Attorney General Mark R. Herring today urged the Federal Communications Commission (FCC) to fight back against the scourge of illegal robocalls by moving up the deadline for smaller telephone companies to implement caller ID technology. Attorney General Herring joined a bipartisan coalition of 51 attorneys general have in submitting comments to the FCC.
“Virginians continue to be plagued by illegal robocalls that are not only annoying but can also potentially scam consumers out of hundreds or even thousands of dollars,” said Attorney General Herring. “This technology has proven to be effective in reducing the number of robocalls that consumers receive, which is why I am calling on the FCC to move up the implementation date for smaller phone companies. My colleagues and I have worked tirelessly to put a stop to these annoying and illegal robocalls and protect consumers, but it’s imperative that tech companies doe their part as well.”
Under the TRACED Act, which became law in 2019, phone companies are required to implement STIR/SHAKEN technology on their networks. This caller ID authentication technology helps ensure that telephone calls are originating from verified numbers, not spoofed sources. Large companies were required to implement the technology by June 2021, and smaller phone companies were given an extension until June 2023.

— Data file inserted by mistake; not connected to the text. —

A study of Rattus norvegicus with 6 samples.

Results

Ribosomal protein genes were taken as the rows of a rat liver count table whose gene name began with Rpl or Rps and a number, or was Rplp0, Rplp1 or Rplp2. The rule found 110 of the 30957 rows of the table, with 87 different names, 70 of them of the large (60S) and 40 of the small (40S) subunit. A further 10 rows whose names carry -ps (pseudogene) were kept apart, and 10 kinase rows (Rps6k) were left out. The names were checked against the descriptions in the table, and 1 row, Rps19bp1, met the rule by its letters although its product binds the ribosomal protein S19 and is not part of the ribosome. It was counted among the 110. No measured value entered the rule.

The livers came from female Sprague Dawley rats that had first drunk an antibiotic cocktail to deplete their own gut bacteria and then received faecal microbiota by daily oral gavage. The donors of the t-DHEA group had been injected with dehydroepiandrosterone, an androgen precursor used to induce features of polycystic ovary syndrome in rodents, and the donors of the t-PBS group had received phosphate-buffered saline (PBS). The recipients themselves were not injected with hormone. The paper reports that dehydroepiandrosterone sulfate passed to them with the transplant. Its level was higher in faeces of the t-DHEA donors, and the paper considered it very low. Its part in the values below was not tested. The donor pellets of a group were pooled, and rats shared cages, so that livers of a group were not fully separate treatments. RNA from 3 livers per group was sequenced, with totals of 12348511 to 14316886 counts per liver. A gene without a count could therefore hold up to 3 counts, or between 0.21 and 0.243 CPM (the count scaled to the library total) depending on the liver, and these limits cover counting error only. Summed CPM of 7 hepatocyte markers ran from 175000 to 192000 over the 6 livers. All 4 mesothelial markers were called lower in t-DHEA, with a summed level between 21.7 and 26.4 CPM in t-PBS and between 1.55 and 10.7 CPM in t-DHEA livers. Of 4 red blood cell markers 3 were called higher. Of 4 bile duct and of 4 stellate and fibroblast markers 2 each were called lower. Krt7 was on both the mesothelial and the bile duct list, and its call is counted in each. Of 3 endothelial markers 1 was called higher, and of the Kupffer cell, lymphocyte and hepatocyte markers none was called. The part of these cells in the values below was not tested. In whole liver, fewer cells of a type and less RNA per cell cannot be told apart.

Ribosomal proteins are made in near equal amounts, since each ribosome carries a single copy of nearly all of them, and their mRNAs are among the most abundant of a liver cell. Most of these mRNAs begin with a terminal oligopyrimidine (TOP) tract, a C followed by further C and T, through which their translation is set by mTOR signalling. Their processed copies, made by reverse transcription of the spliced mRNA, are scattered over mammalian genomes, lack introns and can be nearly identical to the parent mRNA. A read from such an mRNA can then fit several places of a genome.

However, some of the same smaller phone companies that are benefitting from this extension are also responsible for originating or facilitating high volumes of illegal robocalls that spam Americans and lead to financial or personal data loss. And without the STIR/SHAKEN technology in place, these smaller companies are failing to take a necessary step to minimize the continued onslaught of illegally spoofed robocalls that harm residents.
Attorney General Herring and his colleagues are asking the FCC to require these companies to implement the STIR/SHAKEN technology as soon as possible and no later than June 30, 2022.
Joining Attorney General Herring in submitting today’s comments are the attorneys general of Alabama, Alaska, Arizona, Arkansas, California, Colorado, Connecticut, Delaware, District of Columbia, Florida, Georgia, Hawaii, Idaho, Illinois, Indiana, Iowa, Kansas, Kentucky, Louisiana, Maine, Maryland, Massachusetts, Michigan, Minnesota, Mississippi, Missouri, Montana, Nebraska, Nevada, New Hampshire, New Jersey, New Mexico, New York, North Carolina, North Dakota, Ohio, Oklahoma, Oregon, Pennsylvania, Rhode Island, South Carolina, South Dakota, Tennessee, Texas, Utah, Vermont, Washington, West Virginia, Wisconsin, and Wyoming.